Once the temperatures drop, two things happen—I switch the thermostat to “heat” and start baking pies.
I can’t help it. I suppose it began with my Grandma’s Coconut Cream Pie. I’d walk a mile over hot coals to get me a piece of that pie, with its homemade flakey crust and white, whipped center. The season didn’t matter; as long as you had a fork and an appetite, any time was a good time for Grandma’s pie. That’s what I keep trying to tell people: just because it’s November, you don’t have to limit yourself to pumpkin and pecan. In fact, my momma always made the most wonderful apple pie. Even some lemon meringue can bring just the right amount of refreshing citrus to break up the season’s heaviest savories.
Better yet, don’t just make one pie. Make ‘em all!
When I pull out my baking set, I’m fixin’ to get serious. I don’t aim to just make a pie; I aim to make a number of pies worthy of a Thanksgiving centerpiece. Y’all know the kind I’m talkin’ about—those big delicious pies with a beautifully designed egg-wash crust. Us kids would sit there and eye those pies, waiting for the adults to finish eating their supper. We’d even offer to help clear the table just to speed things up. After what felt like a lifetime, I’d finally stuff a forkful of pie into my mouth, and my eyes would roll back into my head with pure happiness.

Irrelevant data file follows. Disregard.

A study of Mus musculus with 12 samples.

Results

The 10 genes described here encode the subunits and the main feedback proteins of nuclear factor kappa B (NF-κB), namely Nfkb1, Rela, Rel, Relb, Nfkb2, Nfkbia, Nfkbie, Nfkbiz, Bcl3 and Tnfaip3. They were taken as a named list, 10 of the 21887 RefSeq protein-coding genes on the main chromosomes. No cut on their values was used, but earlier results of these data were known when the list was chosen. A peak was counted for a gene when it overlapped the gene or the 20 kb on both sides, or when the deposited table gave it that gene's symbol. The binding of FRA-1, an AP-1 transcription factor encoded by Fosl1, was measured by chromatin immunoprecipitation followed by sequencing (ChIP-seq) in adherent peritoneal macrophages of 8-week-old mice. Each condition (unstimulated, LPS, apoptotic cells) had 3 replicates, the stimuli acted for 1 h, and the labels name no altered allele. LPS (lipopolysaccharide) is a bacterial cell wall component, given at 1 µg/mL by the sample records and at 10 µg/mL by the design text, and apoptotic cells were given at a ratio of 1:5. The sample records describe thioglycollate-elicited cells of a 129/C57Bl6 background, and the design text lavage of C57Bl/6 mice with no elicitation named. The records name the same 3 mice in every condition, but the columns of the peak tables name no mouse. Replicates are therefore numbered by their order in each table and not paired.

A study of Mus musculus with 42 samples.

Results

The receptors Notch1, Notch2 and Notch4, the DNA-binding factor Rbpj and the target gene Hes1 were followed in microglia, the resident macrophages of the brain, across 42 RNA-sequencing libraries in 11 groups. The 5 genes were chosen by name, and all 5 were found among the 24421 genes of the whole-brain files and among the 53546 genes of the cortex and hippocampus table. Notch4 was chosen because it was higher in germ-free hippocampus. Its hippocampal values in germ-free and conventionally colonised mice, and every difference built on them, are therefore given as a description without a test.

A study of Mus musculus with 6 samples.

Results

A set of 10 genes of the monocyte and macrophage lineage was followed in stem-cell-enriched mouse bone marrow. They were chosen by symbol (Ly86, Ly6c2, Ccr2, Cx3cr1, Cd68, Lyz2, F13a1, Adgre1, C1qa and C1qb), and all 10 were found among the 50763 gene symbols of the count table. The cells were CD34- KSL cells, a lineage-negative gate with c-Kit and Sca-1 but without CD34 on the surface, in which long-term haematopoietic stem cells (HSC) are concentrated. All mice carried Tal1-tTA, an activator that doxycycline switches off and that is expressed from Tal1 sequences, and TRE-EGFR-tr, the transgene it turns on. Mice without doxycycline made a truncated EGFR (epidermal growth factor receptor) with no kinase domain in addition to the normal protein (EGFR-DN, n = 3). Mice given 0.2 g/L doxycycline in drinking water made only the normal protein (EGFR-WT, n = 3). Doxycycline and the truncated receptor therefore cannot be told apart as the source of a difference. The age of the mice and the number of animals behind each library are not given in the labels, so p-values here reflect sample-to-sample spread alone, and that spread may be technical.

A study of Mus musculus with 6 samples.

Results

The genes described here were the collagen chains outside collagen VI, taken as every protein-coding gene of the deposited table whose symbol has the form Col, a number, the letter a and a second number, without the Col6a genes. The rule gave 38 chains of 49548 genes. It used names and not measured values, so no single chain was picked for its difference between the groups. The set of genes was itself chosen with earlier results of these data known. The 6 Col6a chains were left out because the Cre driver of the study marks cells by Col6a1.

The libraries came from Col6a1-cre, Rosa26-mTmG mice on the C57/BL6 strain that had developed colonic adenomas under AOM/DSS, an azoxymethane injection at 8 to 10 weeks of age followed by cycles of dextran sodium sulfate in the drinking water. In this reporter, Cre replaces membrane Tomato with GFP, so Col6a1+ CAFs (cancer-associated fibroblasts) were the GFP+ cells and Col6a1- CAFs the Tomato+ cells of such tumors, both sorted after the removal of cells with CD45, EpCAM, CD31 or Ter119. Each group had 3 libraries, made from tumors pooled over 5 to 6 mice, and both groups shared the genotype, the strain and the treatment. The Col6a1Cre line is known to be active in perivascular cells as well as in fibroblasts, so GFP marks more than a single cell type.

My Grandmother’s secret to the perfect pie was rolled into the crust. In her book, a woman “earns her pearls” by makin’ a homemade piecrust. It’s almost impossible to find authentic, homemade piecrusts these day—they’re practically extinct. Sure, you can buy a passable frozen or refrigerated piecrust, but they don’t hold a candle next to the old-timey, rolled-out ones. That’s why I put together my instructions for a perfect pie dough. It’s an easy, step-by-step process to make the perfect crust, just like Grandma did. It’s not an exact science, so it takes some practice; but then again, I was never all that keen on science anyhow.
Once you roll out your dough, don’t forget the final touch: a little decoration. Grandma pressed floured fork tines into the edge of every pie she made. It was her special signature that us kids new to look for. I tend to scallop my crust, but if I have some extra time, I’m known to get a little fancy with cutouts and even braids.
Pies are at the heart of so many gatherings and celebrations, so it’s no wonder that we love them so much. Whichever pies you decide to bake this season and however you go about decorating them, take a moment to enjoy the process and to breathe in the homey smells that fill your heart and your home.